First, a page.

Employment law firms are doing far better than their BigLaw brethren at promoting and retaining female talent, reflecting a professional knack for supportive workplace policies, a client-driven focus on equality and a cultural history of inclusion that dates back decades.
U.S. law firms continue to make it hard for women to advance, but experts say the legal industry could look to an unlikely source for inspiration — corporate America.
Female attorneys continue to find it daunting to rise and become rain makers at law firms, but specialized leadership training and business development programs can help open doors. Here, Law360 looks at four ways firms can ramp up their women's initiatives.
Women are in the top leadership spots of only seven of the 100 largest U.S. firms — a product of law firms failing to provide adequate mentorship and advancement opportunities, experts say.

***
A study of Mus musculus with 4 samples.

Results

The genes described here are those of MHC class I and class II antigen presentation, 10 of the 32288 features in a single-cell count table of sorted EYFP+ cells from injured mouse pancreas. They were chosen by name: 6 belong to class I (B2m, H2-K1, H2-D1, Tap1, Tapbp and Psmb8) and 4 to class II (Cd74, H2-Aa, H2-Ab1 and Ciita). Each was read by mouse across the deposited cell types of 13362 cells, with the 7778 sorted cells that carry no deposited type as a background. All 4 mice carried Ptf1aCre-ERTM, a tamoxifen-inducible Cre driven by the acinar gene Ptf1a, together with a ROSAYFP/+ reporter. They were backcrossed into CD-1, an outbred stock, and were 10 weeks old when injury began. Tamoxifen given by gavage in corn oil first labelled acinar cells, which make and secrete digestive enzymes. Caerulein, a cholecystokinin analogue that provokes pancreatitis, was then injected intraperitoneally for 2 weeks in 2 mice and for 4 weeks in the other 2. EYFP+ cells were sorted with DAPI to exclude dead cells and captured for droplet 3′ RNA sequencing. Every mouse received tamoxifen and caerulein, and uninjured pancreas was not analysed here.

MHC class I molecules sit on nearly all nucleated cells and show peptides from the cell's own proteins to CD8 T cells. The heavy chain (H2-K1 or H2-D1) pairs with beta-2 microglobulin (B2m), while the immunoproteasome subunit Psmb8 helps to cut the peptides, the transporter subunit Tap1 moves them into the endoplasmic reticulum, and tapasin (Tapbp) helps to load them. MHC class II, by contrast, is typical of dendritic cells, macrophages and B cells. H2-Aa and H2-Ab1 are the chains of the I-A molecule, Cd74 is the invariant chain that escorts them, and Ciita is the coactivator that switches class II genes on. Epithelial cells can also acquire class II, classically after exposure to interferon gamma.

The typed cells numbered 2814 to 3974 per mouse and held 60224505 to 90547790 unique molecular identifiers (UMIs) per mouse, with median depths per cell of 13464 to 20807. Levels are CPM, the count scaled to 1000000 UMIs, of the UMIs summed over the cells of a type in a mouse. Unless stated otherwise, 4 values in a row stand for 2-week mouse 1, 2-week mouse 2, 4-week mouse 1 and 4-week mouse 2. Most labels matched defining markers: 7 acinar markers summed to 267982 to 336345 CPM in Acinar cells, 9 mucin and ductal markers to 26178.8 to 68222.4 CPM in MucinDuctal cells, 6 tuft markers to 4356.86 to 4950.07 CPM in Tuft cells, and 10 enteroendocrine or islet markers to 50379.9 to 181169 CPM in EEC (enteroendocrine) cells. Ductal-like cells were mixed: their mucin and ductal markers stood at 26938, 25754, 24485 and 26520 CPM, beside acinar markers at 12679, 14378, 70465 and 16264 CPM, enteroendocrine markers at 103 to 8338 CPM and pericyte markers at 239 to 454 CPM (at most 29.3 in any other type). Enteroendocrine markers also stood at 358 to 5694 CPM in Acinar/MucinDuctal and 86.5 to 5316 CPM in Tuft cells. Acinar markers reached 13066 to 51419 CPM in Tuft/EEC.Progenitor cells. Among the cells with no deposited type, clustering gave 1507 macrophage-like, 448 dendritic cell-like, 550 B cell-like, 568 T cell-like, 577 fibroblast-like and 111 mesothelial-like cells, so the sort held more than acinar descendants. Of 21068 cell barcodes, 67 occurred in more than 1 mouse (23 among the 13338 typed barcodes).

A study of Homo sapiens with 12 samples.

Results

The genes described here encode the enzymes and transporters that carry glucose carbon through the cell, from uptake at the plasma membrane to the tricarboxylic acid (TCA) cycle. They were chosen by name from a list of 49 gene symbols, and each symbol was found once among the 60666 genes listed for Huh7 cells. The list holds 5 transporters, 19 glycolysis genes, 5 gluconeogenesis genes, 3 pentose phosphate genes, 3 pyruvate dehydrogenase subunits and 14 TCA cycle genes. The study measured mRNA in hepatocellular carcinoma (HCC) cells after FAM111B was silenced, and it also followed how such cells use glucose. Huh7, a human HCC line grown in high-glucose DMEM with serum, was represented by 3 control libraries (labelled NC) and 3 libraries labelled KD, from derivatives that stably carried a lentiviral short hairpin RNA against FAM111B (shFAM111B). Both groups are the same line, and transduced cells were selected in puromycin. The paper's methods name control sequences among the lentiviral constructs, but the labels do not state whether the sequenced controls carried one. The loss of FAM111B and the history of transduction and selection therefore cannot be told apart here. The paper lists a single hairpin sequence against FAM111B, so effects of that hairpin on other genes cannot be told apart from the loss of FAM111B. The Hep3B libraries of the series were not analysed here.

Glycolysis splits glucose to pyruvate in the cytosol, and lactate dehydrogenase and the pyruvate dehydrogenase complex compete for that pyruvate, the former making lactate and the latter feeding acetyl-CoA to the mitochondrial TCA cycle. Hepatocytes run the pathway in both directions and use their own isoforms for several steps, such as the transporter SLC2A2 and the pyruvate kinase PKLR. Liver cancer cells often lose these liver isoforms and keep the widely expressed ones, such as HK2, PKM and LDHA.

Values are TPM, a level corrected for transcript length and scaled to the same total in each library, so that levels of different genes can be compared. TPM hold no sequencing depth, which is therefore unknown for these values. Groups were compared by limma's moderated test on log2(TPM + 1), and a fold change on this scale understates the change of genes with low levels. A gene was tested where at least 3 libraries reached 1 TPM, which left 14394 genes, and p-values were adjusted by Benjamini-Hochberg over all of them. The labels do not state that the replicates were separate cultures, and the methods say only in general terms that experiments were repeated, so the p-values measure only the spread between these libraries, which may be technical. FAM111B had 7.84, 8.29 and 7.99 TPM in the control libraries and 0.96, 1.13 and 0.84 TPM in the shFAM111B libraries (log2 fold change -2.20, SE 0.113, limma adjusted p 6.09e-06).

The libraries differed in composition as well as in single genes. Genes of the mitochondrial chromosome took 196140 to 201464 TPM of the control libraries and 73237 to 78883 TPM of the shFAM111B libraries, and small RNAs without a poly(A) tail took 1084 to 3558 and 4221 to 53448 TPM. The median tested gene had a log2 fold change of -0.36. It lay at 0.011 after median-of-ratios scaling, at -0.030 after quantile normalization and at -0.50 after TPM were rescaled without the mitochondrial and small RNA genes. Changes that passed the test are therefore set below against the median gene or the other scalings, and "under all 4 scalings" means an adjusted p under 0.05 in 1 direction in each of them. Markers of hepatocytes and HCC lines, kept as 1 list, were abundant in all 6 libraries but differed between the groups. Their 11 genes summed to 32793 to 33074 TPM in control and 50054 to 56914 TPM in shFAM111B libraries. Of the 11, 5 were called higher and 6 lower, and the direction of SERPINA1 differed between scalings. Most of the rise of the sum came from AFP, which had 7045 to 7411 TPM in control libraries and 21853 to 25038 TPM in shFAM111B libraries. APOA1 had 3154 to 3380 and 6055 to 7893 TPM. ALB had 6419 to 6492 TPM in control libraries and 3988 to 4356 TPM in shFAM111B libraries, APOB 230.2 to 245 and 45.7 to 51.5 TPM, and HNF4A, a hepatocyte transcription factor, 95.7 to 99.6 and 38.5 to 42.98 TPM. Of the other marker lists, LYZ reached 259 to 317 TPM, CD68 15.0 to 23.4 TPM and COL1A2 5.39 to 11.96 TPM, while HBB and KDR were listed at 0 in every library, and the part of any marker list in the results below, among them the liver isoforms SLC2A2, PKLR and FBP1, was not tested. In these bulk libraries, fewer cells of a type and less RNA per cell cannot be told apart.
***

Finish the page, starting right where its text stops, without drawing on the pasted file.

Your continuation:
The culture of many large U.S. law firms does not support equal access to business-building opportunities, blocking women from the position they most want to reach — equity partnership.
When longtime McGuireWoods LLP partner Amy Manning had her first child 14 years ago, flexible work arrangements and telecommuting were hardly ever used in the legal industry. So Manning approached a meeting about the issue with her mentor at the firm, top antitrust and trade regulation partner Richard Rappaport, with more than a little trepidation.
Bucking a nationwide trend among law firms of subpar female representation at the partner level, Law360's inaugural class of Ceiling Smashers have shown a commitment to gender equality.